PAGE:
Salt Sugar Fat: How the Food Giants Hooked Us by Michael Moss
My rating: 5 of 5 stars
The food industry's motive behind adding obscene amounts of salt, sugar, and fat to processed foods wasn't to make us fat. That was just a side effect. What they wanted was to give consumers a product so tempting, so irresistible that not only would we buy it, we would buy lots of it again and again.
This is an amazing look into the food industry and the history of our grocery store shelves. It sheds some light on how things got so out of control, and why the food industry isn't in any rush to kowtow to the public health advocates who claim that our modern diet (heavy on processed foods) is responsible for a whole host of chronic diseases like high blood pressure, diabetes, heart disease, and obesity.
What shocked me the most is how much money is spent to ensure we buy foods that we know we should avoid. From brain scans that show how our brains react to sugar, salt, and fat to thousands of focus groups used to discover the formula for the perfect end product to mega marketing campaigns that appeal to our emotional brains to product placement that directly influences our purchases. Food companies are using food science and psychology to find the cheapest way to give us what we want (convenient and cheap food that tastes good) while maximizing their profits.
Unfortunately, the food companies are in the business of making food to make money. Period. The way they see it, their job is not to police consumer behavior but instead to meet an unfilled demand better than the other guy.
There was a recent study that concluded unhealthy diets now kill more people than tobacco, which is ironic when you consider that Phillip Morris actually bought out Kraft Foods and General Foods in the 80s as they sought to diversify.
And don't think our elected officials or other government organizations are going to rescue us from ourselves. How can they when they have to balance the public health implications of processed foods with the mega millions/billions that is big food?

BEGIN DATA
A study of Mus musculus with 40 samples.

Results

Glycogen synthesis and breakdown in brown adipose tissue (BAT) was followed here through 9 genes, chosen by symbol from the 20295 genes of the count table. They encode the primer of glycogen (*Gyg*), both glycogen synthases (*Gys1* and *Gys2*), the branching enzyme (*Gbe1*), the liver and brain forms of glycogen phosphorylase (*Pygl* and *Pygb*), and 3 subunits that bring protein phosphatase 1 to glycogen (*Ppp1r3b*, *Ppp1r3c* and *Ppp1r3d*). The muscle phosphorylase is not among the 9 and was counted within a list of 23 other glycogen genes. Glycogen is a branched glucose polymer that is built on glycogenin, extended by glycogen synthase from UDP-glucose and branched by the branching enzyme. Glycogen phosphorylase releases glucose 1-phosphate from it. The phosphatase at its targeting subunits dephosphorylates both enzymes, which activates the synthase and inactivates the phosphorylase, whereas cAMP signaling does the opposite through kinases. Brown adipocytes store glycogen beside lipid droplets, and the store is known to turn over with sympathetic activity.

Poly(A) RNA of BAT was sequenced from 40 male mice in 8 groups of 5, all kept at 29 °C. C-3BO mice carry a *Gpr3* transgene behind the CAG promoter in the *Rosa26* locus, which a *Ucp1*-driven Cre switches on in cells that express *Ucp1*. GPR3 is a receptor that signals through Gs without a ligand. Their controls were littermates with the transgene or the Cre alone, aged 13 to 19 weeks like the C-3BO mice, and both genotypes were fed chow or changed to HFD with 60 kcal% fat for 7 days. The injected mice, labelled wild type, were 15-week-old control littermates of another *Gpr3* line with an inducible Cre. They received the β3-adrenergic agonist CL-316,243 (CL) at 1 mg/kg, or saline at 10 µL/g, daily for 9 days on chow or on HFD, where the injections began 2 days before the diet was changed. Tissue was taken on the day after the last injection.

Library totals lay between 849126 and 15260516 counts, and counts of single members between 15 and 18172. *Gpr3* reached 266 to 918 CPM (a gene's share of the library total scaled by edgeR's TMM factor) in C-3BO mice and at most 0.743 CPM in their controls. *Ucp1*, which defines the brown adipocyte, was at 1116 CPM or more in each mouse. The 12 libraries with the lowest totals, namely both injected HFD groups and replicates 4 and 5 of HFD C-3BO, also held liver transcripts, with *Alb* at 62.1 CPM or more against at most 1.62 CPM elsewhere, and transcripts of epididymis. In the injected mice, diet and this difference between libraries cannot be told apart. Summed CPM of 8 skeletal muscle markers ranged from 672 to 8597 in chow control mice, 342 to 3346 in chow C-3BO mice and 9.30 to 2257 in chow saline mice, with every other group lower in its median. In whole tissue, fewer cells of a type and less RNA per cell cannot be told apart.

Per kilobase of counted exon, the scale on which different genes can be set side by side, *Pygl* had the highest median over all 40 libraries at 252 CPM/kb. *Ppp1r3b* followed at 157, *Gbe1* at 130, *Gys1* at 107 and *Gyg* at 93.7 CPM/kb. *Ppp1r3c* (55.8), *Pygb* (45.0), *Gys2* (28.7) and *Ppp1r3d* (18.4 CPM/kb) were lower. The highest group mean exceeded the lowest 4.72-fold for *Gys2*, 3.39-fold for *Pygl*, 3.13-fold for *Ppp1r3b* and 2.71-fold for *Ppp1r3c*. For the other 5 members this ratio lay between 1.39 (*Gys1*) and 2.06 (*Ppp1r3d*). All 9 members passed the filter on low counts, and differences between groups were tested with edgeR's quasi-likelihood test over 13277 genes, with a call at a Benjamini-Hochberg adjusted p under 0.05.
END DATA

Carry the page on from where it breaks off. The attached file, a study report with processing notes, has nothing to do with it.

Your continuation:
If only big food would start to police themselves. But this seems unlikely since even if one company tried to do the right thing, the moral thing some would argue, unless their competitors also agreed, they'd simply lose market share and get punished for doing the right without anything changing.
The only thing that will really change the current state of our food system is consumer demand, and thanks to the fact that we are hooked on processed food, it's doubtful. But don't fear. The food companies have our collective back. They are on it. In fact, some are seizing the opportunity created by gastric bypass surgery to develop shakes that a patient recovering from the surgery can tolerate.
Moss seems to think that education is the consumer's best chance. Maybe if we realize how the food we're eating has been engineered to keep us eating (and overeating) by giving us what we want, whether it is good for us or not, than we have a hope of resisting temptation and making better choices.
This is a great read. It provides a historical perspective of the food industry. But it also adds valuable insight into the role that salt, fat, and sugar play in obesity.